For those who enjoy nature shows as well as Godzilla movies, a new TV series starring Cornell entomologist Linda Rayor is right up their alley.
A new scientific television series, "Monster Bug Wars," hosted by Rayor, airs Tuesdays at 10 p.m., EDT, beginning March 29 on the Science Channel, for six weeks. It provides a ringside seat to some of nature's deadliest encounters: From creepy crawlers devouring other creatures alive, for example, to the struggle of a bull ant using its lethal stinger to survive the suffocating silk of the redback spider, it is all in high-definition, super-magnified videography.
The series combines the fun of a classic 1950s monster movie -- depicting insects, spiders, scorpions, centipedes and killer ants -- as lethal predators striving for survival, supremacy ... and supper.
Rayor provides detailed, on-air descriptions that help explain the biology behind the conflicts. For 17 years, she has taught Cornell's Spider Biology course in the Department of Entomology. Many students say the class transformed them from arachnophobics into arachnophiles. Rayor is also an award-winning teacher who directs a large K-12 science outreach program that emphasizes backyard biology and natural history in the Ithaca area.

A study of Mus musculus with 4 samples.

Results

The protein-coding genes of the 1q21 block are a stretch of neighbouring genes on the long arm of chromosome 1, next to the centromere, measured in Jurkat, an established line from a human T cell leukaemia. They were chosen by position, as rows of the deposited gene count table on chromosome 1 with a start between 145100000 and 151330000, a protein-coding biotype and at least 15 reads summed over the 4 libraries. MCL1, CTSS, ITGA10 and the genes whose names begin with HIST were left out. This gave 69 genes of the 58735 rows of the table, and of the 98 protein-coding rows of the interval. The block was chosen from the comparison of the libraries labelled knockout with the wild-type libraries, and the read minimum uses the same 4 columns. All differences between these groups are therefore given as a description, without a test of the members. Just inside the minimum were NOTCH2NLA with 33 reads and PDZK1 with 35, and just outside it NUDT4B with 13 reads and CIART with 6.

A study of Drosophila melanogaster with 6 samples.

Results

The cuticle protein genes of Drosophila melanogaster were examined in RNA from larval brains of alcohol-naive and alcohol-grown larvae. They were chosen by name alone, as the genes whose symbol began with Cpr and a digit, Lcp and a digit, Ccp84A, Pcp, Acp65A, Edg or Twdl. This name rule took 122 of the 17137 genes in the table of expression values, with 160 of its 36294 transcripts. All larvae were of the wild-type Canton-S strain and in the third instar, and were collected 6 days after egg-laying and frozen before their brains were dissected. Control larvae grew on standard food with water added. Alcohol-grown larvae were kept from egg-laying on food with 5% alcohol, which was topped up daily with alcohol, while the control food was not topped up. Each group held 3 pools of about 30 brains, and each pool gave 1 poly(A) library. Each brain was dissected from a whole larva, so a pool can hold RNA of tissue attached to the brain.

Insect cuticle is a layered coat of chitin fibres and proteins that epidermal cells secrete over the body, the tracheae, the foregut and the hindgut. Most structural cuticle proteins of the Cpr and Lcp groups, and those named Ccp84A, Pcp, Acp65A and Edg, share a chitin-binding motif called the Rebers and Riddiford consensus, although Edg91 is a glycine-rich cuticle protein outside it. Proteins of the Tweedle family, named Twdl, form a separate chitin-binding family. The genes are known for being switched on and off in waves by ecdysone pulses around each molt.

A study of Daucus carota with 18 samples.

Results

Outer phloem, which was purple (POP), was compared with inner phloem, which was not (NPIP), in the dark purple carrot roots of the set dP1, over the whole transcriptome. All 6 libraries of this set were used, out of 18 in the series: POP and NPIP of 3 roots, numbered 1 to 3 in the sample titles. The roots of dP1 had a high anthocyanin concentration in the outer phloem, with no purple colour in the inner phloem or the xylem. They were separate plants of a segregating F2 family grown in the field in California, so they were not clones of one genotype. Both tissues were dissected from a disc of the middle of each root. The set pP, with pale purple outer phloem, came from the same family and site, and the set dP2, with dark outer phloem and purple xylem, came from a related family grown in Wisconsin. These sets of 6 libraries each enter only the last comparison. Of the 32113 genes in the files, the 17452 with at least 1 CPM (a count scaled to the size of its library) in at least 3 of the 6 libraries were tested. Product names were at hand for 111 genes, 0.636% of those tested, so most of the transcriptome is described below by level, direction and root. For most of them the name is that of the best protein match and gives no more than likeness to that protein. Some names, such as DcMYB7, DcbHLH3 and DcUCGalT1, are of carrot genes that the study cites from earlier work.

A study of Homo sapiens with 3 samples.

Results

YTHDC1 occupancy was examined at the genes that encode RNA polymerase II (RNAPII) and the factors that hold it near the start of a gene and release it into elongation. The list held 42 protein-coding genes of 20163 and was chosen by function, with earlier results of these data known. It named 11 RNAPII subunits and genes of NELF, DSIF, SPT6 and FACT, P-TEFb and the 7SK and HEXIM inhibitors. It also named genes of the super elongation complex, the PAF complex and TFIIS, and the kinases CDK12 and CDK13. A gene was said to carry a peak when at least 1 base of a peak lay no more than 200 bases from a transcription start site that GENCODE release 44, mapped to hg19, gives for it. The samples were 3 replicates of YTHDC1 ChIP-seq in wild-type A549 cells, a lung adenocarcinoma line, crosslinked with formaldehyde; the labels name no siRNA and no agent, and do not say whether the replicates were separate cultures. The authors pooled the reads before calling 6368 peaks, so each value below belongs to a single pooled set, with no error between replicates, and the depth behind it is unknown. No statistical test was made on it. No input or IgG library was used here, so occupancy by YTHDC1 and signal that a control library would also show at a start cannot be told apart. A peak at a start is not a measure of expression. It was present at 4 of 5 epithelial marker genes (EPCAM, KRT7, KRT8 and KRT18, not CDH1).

"I see this show as an opportunity to share an enthusiasm for science with a broader array of the public," said Rayor. "This is big-time science outreach at its best."
In 2007, Beyond Production in Australia, which produces many shows for the Discovery Channel, approached Rayor to provide commentary on venomous spiders for a show called "Nature's Deadliest: Australia." Subsequently, she was interviewed for a show on deadly creatures from South America and two shows on African animals.
Then, about two years ago, Discovery Science asked Rayor to participate in "Monster Bug Wars," which would show predatory arthropods encountering and fighting one another. For each deadly encounter, Rayor provides commentary about one of the pair, while Bryan Grieg Fry of the University of Melbourne discusses its adversary.
The videography includes such scenes as insects lifting off in slow motion and in flight, or "centipedes tearing into prey… things you don't see with the naked eye," Rayor said. "What I am particularly happy about with this show is that the science and biology are quite strong, while still being a fun show to watch.
The first episode features rain forest insects. The second episode, April 5, pits tree scorpions against giant ants, and the third episode, April 12, takes a close look centipedes, mantids, spiders and tarantulas.
For more, visit the "Monster Bug Wars" website: http://science.discovery.com/tv/monster-bug-wars.